Last month my mom told me she’s ready to go back to her Scandinavian Christmas tree. When I was much younger she had a Scandinavian themed tree but about ten years ago she went to a different kind of theme with “bubble gum” lights and lots of shiny ornaments.
We sat down at her computer so she could show me pictures of all the Christmas ornaments she plans on making for her tree. I made about 6 or 7 of these Santa tomtes with my mom for my tree this year – which is Scandinavian actually, but mostly because I bought my ornaments at IKEA last year. But I love my homemade tomtes.
Anyway, as we clicked through dozens of websites with crafts, fabrics and other ornaments Mom started talking about her mother and the things Grandma would make when she was little. Mom said a lot of the stuff we were looking at was just like it. I don’t think my mom noticed, but I had to wipe away a few tears as a wave of nostalgia came over me and I suddenly missed my Grandma Christensen.
Grandma died nine years ago of ovarian cancer. She was fairly young. I miss her all the time.
I think about my Grandma a lot, especially at Christmastime, since every Christmas Eve was spent at her house. We always had a Christmas program and every year it was a tradition to beg Grandma to sing “Baby it’s Cold Outside” with my Grandpa. She had to tear herself away from whatever was keeping her busy in the kitchen, but she always gave in (that's my mom playing the piano and her bridal picture on the piano).
I had the honor of speaking at Grandma's funeral, and this is one of the memories I shared:
One thing about Grandma was that everything in her house had its place and she knew where everything was at all times. When I was very little, my brother and sister and I were staying at Grandma and Grandpa’s house while our parents were on vacation. Grandma took me into Uncle Tony’s old room to show me a flashlight that she thought I might like to see. She took me to the desk, pulled open the drawer and pulled out the flashlight. Because it was made with clear plastic, I could see the batteries inside. The batteries were blue with pictures of snowmen printed on them. I loved the flashlight and immediately imagined how fun it would be to play with it in the dark when everyone else was asleep. So later that day when she was in the kitchen I took it out of its drawer, brought it into the TV room where I’d be sleeping later and hid it in my sleeping bag.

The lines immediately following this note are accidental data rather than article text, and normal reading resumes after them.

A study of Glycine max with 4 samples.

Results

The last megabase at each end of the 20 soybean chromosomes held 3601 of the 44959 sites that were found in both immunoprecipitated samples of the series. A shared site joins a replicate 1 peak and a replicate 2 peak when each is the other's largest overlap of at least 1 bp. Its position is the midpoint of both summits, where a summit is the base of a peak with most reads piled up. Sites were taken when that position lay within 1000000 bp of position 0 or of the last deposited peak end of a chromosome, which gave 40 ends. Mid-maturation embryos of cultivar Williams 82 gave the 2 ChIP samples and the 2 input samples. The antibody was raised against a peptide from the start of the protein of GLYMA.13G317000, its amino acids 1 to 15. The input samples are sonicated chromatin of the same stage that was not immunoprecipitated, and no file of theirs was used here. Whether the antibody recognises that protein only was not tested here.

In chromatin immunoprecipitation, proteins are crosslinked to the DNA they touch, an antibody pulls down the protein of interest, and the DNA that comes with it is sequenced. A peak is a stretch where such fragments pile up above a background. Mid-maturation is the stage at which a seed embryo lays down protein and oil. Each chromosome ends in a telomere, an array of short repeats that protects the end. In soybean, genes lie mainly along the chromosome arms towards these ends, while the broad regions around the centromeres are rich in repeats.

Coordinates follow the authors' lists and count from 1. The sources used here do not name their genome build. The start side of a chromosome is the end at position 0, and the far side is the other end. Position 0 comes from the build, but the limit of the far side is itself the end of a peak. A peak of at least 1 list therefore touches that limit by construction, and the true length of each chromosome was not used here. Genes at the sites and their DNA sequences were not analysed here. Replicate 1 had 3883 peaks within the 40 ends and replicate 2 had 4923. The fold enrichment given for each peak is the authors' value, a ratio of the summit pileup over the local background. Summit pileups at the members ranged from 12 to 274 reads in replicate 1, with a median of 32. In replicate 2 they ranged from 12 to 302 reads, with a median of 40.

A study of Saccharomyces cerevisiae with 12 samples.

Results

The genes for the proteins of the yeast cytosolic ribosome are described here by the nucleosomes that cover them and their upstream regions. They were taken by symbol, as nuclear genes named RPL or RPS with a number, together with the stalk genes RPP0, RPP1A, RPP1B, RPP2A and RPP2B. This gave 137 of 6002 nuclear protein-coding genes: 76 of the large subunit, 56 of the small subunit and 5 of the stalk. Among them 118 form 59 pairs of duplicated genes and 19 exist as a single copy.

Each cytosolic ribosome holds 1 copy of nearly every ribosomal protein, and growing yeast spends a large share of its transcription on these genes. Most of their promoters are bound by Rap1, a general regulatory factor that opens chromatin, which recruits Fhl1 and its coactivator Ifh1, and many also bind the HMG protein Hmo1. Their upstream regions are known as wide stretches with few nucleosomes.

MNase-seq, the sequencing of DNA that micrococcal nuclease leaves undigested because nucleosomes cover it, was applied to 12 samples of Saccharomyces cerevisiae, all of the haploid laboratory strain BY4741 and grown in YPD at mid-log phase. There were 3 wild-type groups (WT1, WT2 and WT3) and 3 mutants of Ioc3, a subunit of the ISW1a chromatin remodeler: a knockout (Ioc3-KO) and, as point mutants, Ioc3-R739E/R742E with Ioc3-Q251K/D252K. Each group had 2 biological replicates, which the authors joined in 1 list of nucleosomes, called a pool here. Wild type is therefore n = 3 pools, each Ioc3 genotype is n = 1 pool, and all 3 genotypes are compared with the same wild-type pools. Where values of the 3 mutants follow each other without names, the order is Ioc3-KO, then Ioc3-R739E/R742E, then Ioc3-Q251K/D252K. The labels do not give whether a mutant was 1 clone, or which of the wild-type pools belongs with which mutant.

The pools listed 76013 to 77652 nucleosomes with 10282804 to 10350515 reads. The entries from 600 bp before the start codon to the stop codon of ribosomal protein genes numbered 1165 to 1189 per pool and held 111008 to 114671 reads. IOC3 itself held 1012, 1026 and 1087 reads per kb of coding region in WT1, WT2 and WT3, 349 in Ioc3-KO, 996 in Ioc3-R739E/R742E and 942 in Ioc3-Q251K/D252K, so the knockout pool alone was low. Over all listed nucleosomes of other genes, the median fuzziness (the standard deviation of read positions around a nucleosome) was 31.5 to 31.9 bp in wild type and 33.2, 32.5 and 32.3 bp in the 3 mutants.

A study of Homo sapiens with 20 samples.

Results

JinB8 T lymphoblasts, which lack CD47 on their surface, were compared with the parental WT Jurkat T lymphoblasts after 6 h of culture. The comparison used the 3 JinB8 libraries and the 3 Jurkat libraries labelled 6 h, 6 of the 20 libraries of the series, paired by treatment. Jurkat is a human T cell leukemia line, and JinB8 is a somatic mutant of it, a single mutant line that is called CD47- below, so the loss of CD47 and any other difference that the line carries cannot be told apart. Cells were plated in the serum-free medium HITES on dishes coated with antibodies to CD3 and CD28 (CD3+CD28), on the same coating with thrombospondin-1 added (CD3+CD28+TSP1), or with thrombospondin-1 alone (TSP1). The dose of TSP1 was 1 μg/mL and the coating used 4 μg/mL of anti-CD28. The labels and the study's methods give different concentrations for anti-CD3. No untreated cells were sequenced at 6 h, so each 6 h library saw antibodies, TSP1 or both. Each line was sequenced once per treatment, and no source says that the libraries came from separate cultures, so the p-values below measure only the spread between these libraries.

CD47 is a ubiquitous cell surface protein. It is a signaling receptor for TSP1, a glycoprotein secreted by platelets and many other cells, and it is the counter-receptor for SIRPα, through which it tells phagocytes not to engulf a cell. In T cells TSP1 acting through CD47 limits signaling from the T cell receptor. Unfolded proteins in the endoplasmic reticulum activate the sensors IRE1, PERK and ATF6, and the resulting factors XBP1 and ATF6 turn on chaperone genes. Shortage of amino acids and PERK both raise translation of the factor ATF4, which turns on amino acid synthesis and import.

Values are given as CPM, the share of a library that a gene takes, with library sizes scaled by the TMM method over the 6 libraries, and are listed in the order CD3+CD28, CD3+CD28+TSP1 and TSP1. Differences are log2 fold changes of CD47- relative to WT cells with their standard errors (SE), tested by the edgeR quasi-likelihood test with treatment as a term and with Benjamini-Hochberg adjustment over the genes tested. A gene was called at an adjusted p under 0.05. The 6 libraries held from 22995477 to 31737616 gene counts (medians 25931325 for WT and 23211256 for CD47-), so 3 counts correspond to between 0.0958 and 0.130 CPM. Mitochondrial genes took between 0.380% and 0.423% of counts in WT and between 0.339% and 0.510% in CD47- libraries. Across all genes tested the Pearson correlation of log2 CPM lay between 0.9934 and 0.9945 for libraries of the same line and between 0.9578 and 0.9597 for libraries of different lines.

That night, Grandma came to tuck us in. She felt something at the bottom of my sleeping bag and asked me what it was. I told her I didn’t know and she said goodnight and went to bed. Unfortunately, I ended up sleeping straight through the night so my plans of playing with the snowman flashlight in the dark never happened. When I woke up, I remembered I had the flashlight in there and thought I better replace it before Grandma was up. I felt for it at the bottom of my sleeping bag. It was gone! I panicked as I got up and turned my sleeping bag upside down; shaking it in hopes the flashlight would fall out. It wasn’t there. I froze for a few moments for fear of what likely happened. I tiptoed past Grandma and Grandpa’s bedroom and into the room with the desk where she kept it and opened the drawer to find the flashlight back in its proper place exactly where she left it before. I learned at an early age there was no fooling Grandma.
Sometimes I feel bad for my younger cousins because they didn’t get to experience Christmas at Grandma and Grandpa’s house like I did. But then again, I’m sure their Christmases are just as special to them as mine were to me. I just hope my kids get to spend many, many Christmases with their grandparents.
Last night when I climbed into bed I closed my eyes and tried to remember what Grandma's hugs felt like. And I realized they kind of felt like my mom's hugs. And that made me happy.